February 8, 2018

Leading bookmaker loses employment tribunal

William Hill, the leading bookmakers, has lost an Employment Tribunal against one of its previous betting shop managers, who refused to accept a new position in the company that had a salary 20% lower than she was currently earning.

During the significant business restructure, Miss Dinham, the store manager at William Hill’s Battersea branch refused to accept the new position and refused to agree to her proposed new terms and contract of employment. Miss Dinham was earning £25,549.84 in her role as betting shop manager however the new role she was offered was only paying £20,721. At £4,828.84, the reduction in salary is significant and not something that Miss Dinham was prepared to accept.

Miss Dinham had worked at William Hill since May 1998 (over 18 years) and was dismissed in January 2017.

At the completion of the tribunal at the back end last year, the tribunal judge allowed Miss Dinham’s claim for unfair dismissal, agreeing that William Hill’s offer was to do the same job/work just for less money, in effect, breaching employment law.

The tribunal judge stated that William Hill were “dismissive”, and displayed “unreasonable inflexibility… evidenced by its approach to her grievance”.

In addition to Miss Dinham, 8 other betting shop managers rejected the new roles/contracts. The employees were offered £4,828.84 as a one off payment to off-set the reduction in salary however this would not have been offered thereafter.

The new contract not only reduced the salary for the employees but it also eliminated their entitlement to time and a half pay for working on Sundays and double pay for working bank holidays.

During the consultation process, William Hill enquired as to whether Miss Dinham would like to apply for a higher paid role however she felt that with her child commitments and the additional pressure of the job, this wouldn’t be a role that she could accept.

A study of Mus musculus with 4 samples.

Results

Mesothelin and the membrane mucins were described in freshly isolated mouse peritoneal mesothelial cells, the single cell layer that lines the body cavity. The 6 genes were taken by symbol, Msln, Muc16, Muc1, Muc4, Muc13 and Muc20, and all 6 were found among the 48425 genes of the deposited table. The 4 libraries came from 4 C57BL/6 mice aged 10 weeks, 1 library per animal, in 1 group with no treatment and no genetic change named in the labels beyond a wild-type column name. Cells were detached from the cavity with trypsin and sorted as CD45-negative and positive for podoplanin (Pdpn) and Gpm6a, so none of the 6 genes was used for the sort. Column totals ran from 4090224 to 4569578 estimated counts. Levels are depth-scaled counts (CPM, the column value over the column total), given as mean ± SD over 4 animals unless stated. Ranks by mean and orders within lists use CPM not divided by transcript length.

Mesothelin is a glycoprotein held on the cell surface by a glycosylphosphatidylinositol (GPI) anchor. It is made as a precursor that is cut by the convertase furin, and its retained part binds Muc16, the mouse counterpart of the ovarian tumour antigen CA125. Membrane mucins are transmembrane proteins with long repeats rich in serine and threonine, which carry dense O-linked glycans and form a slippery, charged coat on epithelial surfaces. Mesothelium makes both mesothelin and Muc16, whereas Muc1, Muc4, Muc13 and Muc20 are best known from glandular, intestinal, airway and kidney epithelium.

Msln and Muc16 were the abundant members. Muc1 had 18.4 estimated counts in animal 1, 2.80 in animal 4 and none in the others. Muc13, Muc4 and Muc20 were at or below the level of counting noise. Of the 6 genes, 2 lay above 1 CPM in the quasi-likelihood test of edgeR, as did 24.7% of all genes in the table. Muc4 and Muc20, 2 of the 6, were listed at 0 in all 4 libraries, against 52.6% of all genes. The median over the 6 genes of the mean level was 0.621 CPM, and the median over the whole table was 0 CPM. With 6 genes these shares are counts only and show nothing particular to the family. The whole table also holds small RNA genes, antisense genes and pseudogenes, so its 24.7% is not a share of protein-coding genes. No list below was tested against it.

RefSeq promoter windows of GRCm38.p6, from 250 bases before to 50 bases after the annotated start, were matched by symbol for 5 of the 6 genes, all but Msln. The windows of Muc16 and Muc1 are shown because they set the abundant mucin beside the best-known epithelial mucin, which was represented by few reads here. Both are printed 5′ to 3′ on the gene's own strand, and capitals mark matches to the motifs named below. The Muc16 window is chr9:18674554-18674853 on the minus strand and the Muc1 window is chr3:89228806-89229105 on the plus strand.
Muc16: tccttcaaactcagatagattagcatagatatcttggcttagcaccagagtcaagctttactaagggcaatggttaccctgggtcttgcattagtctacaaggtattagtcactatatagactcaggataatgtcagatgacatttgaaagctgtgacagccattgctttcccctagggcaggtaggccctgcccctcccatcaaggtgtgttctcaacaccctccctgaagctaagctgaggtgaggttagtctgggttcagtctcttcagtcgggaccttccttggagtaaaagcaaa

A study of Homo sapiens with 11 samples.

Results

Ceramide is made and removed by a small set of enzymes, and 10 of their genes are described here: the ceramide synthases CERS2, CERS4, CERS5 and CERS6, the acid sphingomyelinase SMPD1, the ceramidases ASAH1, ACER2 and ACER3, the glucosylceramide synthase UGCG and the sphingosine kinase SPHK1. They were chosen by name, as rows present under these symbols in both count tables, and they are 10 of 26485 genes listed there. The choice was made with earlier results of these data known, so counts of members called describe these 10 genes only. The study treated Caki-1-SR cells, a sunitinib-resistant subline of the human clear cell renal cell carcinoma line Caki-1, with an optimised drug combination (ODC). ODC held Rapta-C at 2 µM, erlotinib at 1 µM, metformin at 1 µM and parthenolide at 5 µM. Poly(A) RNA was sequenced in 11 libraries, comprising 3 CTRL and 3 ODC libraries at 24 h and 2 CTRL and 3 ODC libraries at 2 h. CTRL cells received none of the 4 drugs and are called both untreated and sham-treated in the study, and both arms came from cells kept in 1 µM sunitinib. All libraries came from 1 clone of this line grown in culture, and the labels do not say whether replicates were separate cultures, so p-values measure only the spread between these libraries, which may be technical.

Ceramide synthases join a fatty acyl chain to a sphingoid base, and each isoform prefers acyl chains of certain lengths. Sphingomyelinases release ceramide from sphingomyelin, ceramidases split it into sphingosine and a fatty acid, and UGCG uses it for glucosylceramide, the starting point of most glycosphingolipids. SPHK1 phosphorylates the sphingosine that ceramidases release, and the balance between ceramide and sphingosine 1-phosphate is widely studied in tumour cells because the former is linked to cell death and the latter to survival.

After this meeting. William Hill wrote to Miss Dinham to tell her that her employment was terminated and that she would be offered alternative employment elsewhere in the company.

Miss Dinham immediately raised a grievance stating that she was not given the right to appeal, which according to employment law, they should have offered. William Hill responded to this letter by informing Miss Dinham that she was outside of the timescales to allow her grievance and informed her that she was dismissed for “another substantive reason”.

Whilst the employment judge acknowledged that William Hill had dealt with the initial process and consultation in a reasonable manner, their rejection of Miss Dinham’s grievance for ‘being out of time’ effectively prevented her right to raise a grievance with the company. The judge was also in agreement that Ms Dinham’s length of service should have been taken into account.

A remedy hearing is due to be arranged shortly.